Dating is hard. Whether you are 28 or 58, everyone has a dating horror story these days. The latest romance scam that seems to be doing the rounds is “dogfishing,” an online dating phenomenon where people on apps pose with pictures of cute dogs, only for potential partners to discover that these dogs have been borrowed and used as a prop for their photo. But why are people doing it?

Pretending you own a dog when you don’t doesn’t seem like a huge deception on the part of the puppy-poser, but is the ruse as innocuous as it seems? Simply put, many people love dogs and it’s an easy point of connection. It may make men in particular seem like they have a softer, more nurturing side. In essence, a cynical move designed to lure in women who are looking for a man who is comfortable expressing his feelings.

The problem begins, of course, on the first date, when the person finds out they’ve been dogfished. “Hey, what’s the name of your adorable puppy?” “Oh he isn’t mine, he belongs to my sister.” The dogfisher is trying to start a relationship off on a lie, which is never a good sign.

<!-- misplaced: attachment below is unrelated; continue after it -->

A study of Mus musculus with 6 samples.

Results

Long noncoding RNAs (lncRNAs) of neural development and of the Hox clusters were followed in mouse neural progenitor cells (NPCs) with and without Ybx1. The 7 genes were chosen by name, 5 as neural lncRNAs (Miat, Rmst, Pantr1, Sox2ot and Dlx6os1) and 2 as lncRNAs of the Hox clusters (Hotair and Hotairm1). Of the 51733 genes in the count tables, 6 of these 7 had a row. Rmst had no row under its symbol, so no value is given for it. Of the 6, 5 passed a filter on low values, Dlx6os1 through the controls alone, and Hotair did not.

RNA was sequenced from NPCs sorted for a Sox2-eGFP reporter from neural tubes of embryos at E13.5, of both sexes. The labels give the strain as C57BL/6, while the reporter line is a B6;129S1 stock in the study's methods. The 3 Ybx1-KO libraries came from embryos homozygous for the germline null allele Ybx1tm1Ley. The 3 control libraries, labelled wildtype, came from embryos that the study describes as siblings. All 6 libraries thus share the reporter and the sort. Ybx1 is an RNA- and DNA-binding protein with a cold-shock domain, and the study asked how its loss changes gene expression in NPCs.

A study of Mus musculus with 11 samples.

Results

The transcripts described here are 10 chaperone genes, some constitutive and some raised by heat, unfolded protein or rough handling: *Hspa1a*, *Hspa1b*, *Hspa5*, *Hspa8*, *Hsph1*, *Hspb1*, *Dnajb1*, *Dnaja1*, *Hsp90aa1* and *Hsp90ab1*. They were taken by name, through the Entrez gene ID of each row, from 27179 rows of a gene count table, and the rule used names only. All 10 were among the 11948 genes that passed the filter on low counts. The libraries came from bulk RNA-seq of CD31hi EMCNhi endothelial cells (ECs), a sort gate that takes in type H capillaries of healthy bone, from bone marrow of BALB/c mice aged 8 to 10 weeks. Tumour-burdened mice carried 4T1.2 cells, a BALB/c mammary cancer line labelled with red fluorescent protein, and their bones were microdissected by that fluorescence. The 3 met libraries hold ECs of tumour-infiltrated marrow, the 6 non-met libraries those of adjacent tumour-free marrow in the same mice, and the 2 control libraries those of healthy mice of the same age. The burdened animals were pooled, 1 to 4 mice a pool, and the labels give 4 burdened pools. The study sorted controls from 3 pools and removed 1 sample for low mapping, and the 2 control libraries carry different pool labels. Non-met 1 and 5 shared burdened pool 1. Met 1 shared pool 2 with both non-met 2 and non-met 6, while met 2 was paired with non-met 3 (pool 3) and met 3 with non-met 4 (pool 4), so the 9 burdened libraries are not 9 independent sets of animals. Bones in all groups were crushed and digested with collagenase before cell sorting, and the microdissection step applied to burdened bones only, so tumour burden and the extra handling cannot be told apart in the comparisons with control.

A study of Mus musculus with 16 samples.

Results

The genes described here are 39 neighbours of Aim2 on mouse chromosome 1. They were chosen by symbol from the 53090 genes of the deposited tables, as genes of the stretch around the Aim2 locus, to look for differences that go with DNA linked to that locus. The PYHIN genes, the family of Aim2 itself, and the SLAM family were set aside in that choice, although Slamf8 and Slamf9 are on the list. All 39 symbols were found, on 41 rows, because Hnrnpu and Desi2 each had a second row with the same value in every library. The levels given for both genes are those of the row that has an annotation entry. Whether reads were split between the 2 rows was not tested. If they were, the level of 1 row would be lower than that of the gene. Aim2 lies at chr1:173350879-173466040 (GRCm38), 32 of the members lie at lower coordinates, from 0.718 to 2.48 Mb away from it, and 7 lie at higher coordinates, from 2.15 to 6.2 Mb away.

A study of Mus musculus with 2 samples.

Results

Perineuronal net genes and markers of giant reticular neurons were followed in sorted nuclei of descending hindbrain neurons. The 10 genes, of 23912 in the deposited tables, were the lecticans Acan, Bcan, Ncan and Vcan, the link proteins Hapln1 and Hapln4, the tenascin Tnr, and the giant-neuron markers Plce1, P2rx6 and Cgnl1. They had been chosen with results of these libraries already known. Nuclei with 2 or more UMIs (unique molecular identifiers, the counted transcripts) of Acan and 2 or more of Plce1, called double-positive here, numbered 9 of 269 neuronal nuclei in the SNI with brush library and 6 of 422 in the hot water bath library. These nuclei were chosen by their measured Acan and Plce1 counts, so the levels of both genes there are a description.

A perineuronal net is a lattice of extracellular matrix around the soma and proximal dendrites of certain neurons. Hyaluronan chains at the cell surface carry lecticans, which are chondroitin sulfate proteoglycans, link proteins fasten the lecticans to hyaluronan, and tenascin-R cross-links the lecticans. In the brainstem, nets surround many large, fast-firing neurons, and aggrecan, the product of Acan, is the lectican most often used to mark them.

Can I pet your dog?

As crazy at it may sound, you might consider confirming that the dog featured in the profile picture actually belongs to them before the first date. (You’ve driven us to this, dogfishers.) If they reveal that they borrowed the pooch for a photo opportunity, it might be time to move along to somebody else.

As with anyone you meet online, be sure you know who you are actually dealing with before you meet anyone in person. Before there was dogfishing, there was catfishing. And that’s much scarier.